Honouring the flowers

One of my favorite sayings is: “Flowers are God’s way of laughing.”

One of my favorite sayings is: “Flowers are God’s way of laughing.”

This may be so, but for all of the gardeners and non-gardeners alike, this incredible variety of cultivated and natural trees, shrubs and plants of different scents, colours, sizes and textures continue to deliver a fantastic floral show every year.

No flowering plants existed during the earlier time of the dinosaurs, but then almost overnight at around 125 million years ago, the first primitive Angiosperms – or flowering plants – arrived, and in great quantities at that.

These plants were all dicots, or plants that have two seedling leaves, a network of veins in their leaves as well as flower parts with four to five petals, and the plant most closely resembling them today is our magnolia tree.

At approximately 65 million years ago, the Tertiary Period began with the dinosaurs departing and the flowers, mammals and insects arriving – signalling a new era on earth.

However, the climate started cooling off around this time, so these plants had to evolve to not only cope with the cold, but to also survive and reproduce themselves. And this is how they did it.

Some plants dropped their leaves with the woody, aerial parts remaining, which we call woody perennials.

Others became herbaceous (relating to or characteristic of an herb as distinguished from a woody plant and is green and leaf-like in appearance or texture) perennials, which died back to the ground each year, but the roots stayed alive to push out new growth in the spring.

Then there’s the annuals that seeded out and died entirely during the cold weather, then relied on a coming spring to germinate their seed; and lastly, plants that formed a herbaceous creation the first season after germinating, which died back to the ground in winter with their root remaining alive.  The following year, the plant put forth new leaves and a flower stalk, which would then set seed and die away like an annual.  These we call biennials.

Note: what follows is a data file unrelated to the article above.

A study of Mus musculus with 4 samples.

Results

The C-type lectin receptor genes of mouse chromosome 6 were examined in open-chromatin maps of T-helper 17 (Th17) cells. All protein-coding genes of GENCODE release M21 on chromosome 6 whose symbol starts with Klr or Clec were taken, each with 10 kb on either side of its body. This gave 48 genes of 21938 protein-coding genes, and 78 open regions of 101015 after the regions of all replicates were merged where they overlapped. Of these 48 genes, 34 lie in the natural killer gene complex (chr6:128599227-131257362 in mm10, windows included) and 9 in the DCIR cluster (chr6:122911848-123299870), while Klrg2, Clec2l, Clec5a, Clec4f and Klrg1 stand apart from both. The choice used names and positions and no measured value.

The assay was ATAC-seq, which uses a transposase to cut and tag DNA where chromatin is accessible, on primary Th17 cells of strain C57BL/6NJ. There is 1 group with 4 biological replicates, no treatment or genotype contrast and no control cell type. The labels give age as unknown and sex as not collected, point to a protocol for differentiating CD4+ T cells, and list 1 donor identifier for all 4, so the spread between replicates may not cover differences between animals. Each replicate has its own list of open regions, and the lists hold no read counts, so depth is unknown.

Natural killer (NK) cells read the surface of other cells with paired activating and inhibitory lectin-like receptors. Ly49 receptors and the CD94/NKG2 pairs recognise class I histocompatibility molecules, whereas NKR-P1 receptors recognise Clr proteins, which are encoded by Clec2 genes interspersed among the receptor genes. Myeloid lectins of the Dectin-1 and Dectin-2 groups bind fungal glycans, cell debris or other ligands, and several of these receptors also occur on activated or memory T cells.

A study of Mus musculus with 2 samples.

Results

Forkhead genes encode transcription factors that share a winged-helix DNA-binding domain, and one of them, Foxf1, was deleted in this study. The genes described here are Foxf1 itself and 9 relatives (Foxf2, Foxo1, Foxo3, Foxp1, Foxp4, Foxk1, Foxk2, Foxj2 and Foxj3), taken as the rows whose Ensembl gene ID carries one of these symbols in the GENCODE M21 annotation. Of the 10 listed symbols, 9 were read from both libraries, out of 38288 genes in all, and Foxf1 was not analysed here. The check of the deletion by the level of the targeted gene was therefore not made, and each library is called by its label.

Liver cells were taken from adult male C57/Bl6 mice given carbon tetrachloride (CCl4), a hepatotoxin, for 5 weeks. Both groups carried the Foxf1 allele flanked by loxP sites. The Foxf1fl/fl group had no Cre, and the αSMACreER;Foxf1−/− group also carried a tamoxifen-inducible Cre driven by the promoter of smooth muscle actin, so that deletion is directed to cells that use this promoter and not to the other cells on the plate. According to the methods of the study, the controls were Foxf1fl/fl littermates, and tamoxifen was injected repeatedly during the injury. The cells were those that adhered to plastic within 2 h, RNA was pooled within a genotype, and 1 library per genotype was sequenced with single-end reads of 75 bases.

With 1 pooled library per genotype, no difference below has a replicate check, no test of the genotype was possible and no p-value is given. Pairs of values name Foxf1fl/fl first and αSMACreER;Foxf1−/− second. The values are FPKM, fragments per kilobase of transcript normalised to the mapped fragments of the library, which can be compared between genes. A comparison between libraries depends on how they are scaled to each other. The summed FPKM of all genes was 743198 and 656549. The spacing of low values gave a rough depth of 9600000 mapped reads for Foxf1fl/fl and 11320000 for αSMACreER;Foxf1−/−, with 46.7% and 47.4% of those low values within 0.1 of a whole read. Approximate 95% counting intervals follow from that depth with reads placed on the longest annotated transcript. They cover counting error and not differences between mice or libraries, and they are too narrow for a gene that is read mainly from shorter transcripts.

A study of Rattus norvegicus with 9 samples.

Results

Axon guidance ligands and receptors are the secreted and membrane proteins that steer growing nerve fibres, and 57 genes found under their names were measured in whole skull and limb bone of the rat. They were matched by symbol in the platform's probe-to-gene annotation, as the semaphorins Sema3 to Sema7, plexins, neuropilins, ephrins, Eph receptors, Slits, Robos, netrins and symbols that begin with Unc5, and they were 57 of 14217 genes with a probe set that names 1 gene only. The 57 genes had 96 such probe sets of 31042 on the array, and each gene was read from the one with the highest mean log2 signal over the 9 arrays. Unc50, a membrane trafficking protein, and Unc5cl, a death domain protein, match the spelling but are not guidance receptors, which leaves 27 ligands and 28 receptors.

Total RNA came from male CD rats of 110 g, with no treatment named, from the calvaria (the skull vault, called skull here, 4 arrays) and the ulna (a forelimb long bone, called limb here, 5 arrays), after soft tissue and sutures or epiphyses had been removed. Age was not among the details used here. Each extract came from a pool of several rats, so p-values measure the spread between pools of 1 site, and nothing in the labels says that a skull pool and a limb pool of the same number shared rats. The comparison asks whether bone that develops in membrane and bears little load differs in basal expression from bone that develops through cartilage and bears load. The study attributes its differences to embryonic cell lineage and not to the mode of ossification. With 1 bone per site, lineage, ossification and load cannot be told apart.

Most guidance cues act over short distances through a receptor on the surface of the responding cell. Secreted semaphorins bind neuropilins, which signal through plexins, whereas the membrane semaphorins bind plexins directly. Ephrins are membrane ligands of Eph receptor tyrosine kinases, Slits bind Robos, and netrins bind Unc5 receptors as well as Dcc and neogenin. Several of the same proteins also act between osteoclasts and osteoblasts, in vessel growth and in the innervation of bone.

As we all know, blossoms aren’t just for beauty – they perform the essential function of luring pollinating bats, bugs, butterflies and bees to the plant.

It’s one of the greatest symbiotic (or buddy system) relationships in nature, whereby the plant provides nutritious pollen for the critters, and in exchange, they survive as a species.

In Rodale’s book titled Flowers, the author writes: “The purpose and meaning of flowers for people – no matter what their other functions – have to do with our capacities for higher perceptions.  Flowers are thoroughly communicative of these meanings, speaking to our senses with their scents, shapes and colours, to our minds with their geometries and biology, and to our hearts with their messages of hope and cheer.

“What a miracle of promise is the first blossom of the year – an ordinary little snowdrop, perhaps – that viewed alongside delphiniums or roses would be insignificant, but viewed against nature’s blank canvas is appreciated more than any other flower.”

Flowers have long been part of almost every special occasion in our lives, such as for weddings and worship, memorials, ceremonies and celebrations of all kinds – be it a new baby, new job or a new home.

They’re always a wonderful surprise to brighten someone’s day, can grace a dinner table or front door entrance, be a pretty adornment in your hair and can convey those unspoken words of I care about or love you.

Like the Chinese proverb says: “Flowers leave some of their fragrance in the hand that bestowed them.”

Whenever I’m lucky enough to go to a tropical place like Hawaii, I love to hotel hop just to see those beautiful open lobbies, which are always resplendent with huge bouquets and giant planters of exotic flowers.

My childhood memories are the scent of my mom’s Peace roses and the old neighbour’s sweet peas, and it always take me instantly back whenever I catch a waft of them in the breeze.

Just for one season only, when I was living in Armstrong years ago, a farmer in the valley converted five acres of alfalfa and grew a field of gorgeous peonies, (which apparently have medicinal qualities), and I have this amazing photo of my horse and I posing (carefully) between the rows of those glorious flowers.

What a shot!

So stick your nose in a rose and breath in those scents that make you close your eyes and say “wow!”

Pause along the pathway at the nature parks and roadsides to admire the wild flowers and flock to a florist shop to feast your eyes on the exciting exotics, looking closely at all their delicate details.

Flowers will always be part of our lives –right up to the end and after – because then we’ll be pushing up the daisies.